A blood chit is a document carried by military personnel and addressed to any civilians who may come across an armed-services member – such as a shot-down pilot – in difficulties. As well as identifying the force to which the bearer belongs as friendly, the notice displays a message requesting that the service member be rendered every assistance.
The idea of blood chit originates from 1793 when French balloonist Jean-Pierre Blanchard demonstrated his hot air balloon in the United States. Because he could not control the direction of the balloon, no one knew where he would land. Because Blanchard did not speak English, George Washington gave him a letter that said that all U.S. citizens were obliged to assist him to return to Philadelphia.
In World War I, British Royal Flying Corps pilots in 1842 in India, Afghanistan and Mesopotamia carried a "goolie chit" printed in four local languages that promised a reward to anyone who would bring an unharmed British aviator back to British lines. The British officer John Masters recorded in his autobiography that Pathan women in the North-West Frontier Province (1901–1955) of British India (now modern day Pakistan) during the Anglo-Afghan Wars would behead and castrate non Muslim soldiers who were captured, like British and Sikhs.
In the Second Sino-Japanese War prior to World War II, foreign volunteer pilots of Flying Tigers carried notices printed in Chinese that informed the locals that this foreign pilot was fighting for China and they were obliged to help them. A text from one such blood chit translates as follows:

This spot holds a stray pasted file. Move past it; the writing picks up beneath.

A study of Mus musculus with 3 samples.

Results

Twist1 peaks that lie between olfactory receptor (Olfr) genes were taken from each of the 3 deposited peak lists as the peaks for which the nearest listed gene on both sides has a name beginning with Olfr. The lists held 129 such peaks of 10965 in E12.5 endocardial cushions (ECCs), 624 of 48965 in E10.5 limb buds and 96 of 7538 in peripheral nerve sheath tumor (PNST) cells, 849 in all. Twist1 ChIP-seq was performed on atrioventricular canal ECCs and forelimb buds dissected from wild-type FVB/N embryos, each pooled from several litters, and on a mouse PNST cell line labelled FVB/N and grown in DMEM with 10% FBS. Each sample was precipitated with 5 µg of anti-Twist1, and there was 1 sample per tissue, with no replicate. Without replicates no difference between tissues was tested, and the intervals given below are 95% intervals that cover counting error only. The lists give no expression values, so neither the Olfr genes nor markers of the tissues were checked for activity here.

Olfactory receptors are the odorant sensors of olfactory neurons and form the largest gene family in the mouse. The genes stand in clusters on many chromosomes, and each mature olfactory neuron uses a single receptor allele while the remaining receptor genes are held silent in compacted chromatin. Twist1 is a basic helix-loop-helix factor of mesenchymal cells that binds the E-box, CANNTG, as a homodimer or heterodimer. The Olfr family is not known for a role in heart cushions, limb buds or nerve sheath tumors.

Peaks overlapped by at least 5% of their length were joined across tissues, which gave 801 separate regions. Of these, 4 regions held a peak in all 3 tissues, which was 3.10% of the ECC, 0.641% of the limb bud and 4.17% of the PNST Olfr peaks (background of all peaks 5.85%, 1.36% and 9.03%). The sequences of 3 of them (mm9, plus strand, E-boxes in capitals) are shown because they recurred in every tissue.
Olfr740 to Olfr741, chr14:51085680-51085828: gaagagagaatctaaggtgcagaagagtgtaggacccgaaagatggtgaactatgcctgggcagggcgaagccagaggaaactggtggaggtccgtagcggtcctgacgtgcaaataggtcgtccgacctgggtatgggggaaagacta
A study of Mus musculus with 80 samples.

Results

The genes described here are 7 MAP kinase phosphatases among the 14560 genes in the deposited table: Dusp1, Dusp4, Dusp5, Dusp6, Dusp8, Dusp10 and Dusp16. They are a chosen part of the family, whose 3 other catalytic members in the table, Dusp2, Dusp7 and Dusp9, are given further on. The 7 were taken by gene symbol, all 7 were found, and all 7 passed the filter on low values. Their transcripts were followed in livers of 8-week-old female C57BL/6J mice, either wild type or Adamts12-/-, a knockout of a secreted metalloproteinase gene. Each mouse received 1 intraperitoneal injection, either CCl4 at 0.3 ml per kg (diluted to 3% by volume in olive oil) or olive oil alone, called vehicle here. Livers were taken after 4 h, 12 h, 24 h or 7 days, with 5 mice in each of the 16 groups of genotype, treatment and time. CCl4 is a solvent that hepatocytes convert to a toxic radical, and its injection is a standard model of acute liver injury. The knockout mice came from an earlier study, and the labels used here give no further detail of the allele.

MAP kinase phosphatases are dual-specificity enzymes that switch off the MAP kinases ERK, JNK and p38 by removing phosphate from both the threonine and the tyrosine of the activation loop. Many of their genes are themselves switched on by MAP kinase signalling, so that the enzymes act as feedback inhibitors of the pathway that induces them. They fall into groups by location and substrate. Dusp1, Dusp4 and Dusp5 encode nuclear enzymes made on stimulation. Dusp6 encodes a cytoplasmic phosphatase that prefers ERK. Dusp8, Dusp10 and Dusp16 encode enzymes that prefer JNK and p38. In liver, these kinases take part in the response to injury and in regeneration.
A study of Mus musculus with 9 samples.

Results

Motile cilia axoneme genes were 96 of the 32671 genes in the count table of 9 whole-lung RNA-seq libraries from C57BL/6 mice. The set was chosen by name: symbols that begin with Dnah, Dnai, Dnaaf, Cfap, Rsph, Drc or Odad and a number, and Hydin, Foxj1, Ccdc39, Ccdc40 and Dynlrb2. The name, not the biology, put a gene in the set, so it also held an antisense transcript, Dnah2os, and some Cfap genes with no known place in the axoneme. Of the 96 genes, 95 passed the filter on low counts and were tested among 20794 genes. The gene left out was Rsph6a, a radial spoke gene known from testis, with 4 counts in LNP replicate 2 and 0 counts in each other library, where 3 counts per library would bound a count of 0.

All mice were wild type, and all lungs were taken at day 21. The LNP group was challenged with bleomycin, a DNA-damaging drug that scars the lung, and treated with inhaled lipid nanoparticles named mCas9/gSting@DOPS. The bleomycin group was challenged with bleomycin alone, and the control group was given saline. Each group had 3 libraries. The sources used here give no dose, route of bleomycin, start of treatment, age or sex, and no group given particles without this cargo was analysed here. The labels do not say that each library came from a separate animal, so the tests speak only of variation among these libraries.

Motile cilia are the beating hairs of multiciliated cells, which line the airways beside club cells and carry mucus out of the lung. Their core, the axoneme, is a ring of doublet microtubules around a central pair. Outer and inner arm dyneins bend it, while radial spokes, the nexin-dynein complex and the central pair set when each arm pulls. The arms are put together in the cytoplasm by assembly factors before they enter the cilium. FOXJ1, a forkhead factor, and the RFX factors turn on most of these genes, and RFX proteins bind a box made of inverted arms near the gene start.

"I am an American airman. My plane is destroyed. I cannot speak your language. I am an enemy of the Japanese. Please give me food and take me to the nearest Allied military post. You will be rewarded."
United States Armed Forces
When the U.S. officially entered World War II in December 1941, flight crew survival kits included blood chits printed in 50 different languages that sported an American flag and promised a reward for a safe return of a pilot. The kit might also include gifts like gold coins, maps or sewing needles.
Many U.S. flight crews that flew over Asia had their "blood chit" sewn to the back of their flight jackets. Some units added the blood chit to the crew's flight suits while other units gave the blood chit out only for specific flights.
Currently, blood chits are a product of the Joint Personnel Recovery Agency. They are a small sheet of Tyvek material with an American flag and a statement in several languages indicating that the U.S. will reward anyone assisting the bearer to safety. They represent a written promise or obligation of the US Government.
There is a risk in wide spread knowledge of their use. History has shown that once any of our enemies who became knowledgeable of the successful return of an American with the assistance of an indigenous person(s) resulted in the torture and death of the helpers. In some cases the death of their entire family and even an entire village resulted in this information becoming open source."